Bolstering Japan-Vietnam cooperation in regional supply chain: experts
Vietnam and Japan share similar strategic objectives, for which the two can complement each other in terms of development level, technological capabilities, trade, and population structures.
Bolstering the cooperation among the countries in the Asia-Pacific, including Vietnam and Japan, has become significant to maintain regional and global supply chains in a fast-changing world.
|Director of the Institute of Branding and Competition Strategy Vo Tri Thanh and Director of the Central Institute for Economic Management (CIEM) Nguyen Thi Hong Minh co-chair the conference. Photo: Nguyen Tung|
Experts shared the view during a conference held today [March 3] to discuss the new dynamism in Asia-Pacific supply chains beyond Covid-19.
According to the Director of the Central Institute for Economic Management (CIEM) Nguyen Thi Hong Minh, the Asia-Pacific has been going through changes in regional order with the highlights being the emergence of China and the strategic competition between China and the US.
“There have been efforts to seek strategic alliances, along with growing risks in terms of economic isolationism, trade or technologies detachment among superpowers,” Minh said.
Meanwhile, the irreversible trend of Industry 4.0 and digital economy has become key issues in discussion for international cooperation, she added, noting the context has led to fundamental changes in economic integration and the development of supply chains in ASEAN.
The pandemic, in this context, has added more complexity to the issue by disrupting the supply chains, not to mention restriction measures in each country.
“Business operations are facing severe consequences from the lack of input materials and rising logistics costs,” Minh said.
It’s imperative for countries to strengthen the resilience of the supply chains by keeping close cooperation among countries. “A comprehensive strategic partnership in place is the foundation for Vietnam and Japan to bolster the relations,” she suggested.
Sharing the view, the Director of the Institute of Branding and Competition Strategy Vo Tri Thanh considered the Vietnam-Japan cooperation to have huge potential.
“Both share the same values and culture, and are also members of multilateral economic-finance agreements in the region and globally, such as the WTO, CPTPP, or RCEP as the latest,” Thanh said.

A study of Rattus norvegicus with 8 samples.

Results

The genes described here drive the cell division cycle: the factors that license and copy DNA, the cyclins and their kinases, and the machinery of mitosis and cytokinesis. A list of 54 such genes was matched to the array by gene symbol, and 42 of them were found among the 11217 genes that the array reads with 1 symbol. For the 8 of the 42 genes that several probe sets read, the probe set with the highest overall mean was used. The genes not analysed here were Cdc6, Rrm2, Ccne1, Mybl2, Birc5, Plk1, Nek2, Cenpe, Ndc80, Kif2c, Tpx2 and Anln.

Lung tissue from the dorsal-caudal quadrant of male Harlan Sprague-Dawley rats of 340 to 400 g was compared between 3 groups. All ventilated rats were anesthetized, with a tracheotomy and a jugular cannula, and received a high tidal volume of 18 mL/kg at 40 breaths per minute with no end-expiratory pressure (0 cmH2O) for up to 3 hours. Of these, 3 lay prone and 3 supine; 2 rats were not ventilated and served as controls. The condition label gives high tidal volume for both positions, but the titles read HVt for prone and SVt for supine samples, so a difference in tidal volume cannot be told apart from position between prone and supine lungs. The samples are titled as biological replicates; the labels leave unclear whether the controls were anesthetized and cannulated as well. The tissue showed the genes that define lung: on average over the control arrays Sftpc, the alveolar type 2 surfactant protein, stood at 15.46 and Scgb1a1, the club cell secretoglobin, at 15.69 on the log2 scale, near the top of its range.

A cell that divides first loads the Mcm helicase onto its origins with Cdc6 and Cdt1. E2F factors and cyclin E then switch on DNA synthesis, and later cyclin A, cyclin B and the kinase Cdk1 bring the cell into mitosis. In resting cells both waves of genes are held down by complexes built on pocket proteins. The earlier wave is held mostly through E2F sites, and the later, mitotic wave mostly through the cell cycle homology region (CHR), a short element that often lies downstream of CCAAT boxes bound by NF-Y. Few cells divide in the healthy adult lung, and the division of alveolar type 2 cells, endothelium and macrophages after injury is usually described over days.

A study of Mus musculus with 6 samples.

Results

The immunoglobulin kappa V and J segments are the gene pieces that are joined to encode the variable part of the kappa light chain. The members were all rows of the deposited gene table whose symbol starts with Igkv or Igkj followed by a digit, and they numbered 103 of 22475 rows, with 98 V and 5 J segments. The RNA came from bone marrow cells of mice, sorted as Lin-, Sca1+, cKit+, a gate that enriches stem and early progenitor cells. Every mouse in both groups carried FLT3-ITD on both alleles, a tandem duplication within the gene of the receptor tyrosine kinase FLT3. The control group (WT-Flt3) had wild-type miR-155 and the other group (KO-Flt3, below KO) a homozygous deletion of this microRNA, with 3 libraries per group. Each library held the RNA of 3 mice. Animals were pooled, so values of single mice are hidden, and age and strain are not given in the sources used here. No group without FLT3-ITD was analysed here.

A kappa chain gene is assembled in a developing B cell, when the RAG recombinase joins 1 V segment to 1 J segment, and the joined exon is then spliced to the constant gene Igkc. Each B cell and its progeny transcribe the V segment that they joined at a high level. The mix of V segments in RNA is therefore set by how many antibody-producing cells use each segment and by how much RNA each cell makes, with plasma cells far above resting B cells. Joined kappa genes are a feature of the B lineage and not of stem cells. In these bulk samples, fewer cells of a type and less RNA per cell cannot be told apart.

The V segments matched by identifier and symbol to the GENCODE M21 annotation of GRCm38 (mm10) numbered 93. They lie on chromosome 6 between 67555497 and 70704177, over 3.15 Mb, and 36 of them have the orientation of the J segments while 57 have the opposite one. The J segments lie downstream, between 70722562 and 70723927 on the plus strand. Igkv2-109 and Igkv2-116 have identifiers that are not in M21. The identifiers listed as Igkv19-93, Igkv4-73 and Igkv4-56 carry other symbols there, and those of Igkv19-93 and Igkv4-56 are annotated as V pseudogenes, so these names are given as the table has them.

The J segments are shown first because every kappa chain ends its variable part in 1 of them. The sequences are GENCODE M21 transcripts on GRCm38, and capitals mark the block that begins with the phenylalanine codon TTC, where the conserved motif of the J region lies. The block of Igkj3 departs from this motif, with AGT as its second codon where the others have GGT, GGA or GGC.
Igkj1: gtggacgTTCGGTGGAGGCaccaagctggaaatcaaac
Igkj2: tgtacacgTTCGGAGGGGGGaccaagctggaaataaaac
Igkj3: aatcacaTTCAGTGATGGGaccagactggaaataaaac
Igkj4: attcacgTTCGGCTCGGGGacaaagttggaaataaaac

More importantly, Thanh pointed out a similar view in strategic objectives of Vietnam and Japan, for which the two can complement each other in terms of development level, technological capabilities, trade, and population structures.
As of late 2021, Japan remained the second-largest investor out of 141 countries and territories having investment projects in Vietnam for total FDI commitments of $63.94 billion, 65% of which are concentrated in manufacturing and processing.
Despite all the positivity, the Head of CIEM’s General Research Department Nguyen Anh Duong pointed out that Vietnamese firms’ participation in supply chains led by Japanese counterparts is still limited and improves slowly.
For greater efficiency in cooperation between businesses from Vietnam and Japan, Duong called for the Government to continue ensuring effective Covid-19 containment and the sufficient supply of labor force.
“There should be concrete reforms toward a safe, enabling, and competitive business environment,” he said while urging local businesses to take better advantage of free trade agreements that Vietnam and Japan are members of, such as the CPTPP or RCEP, to strengthen linkages with Japanese companies.
“This is particularly important as Japanese companies are looking to diversify their supply chains, and trade deals in place between the two countries is an advantage for Vietnam,” he concluded.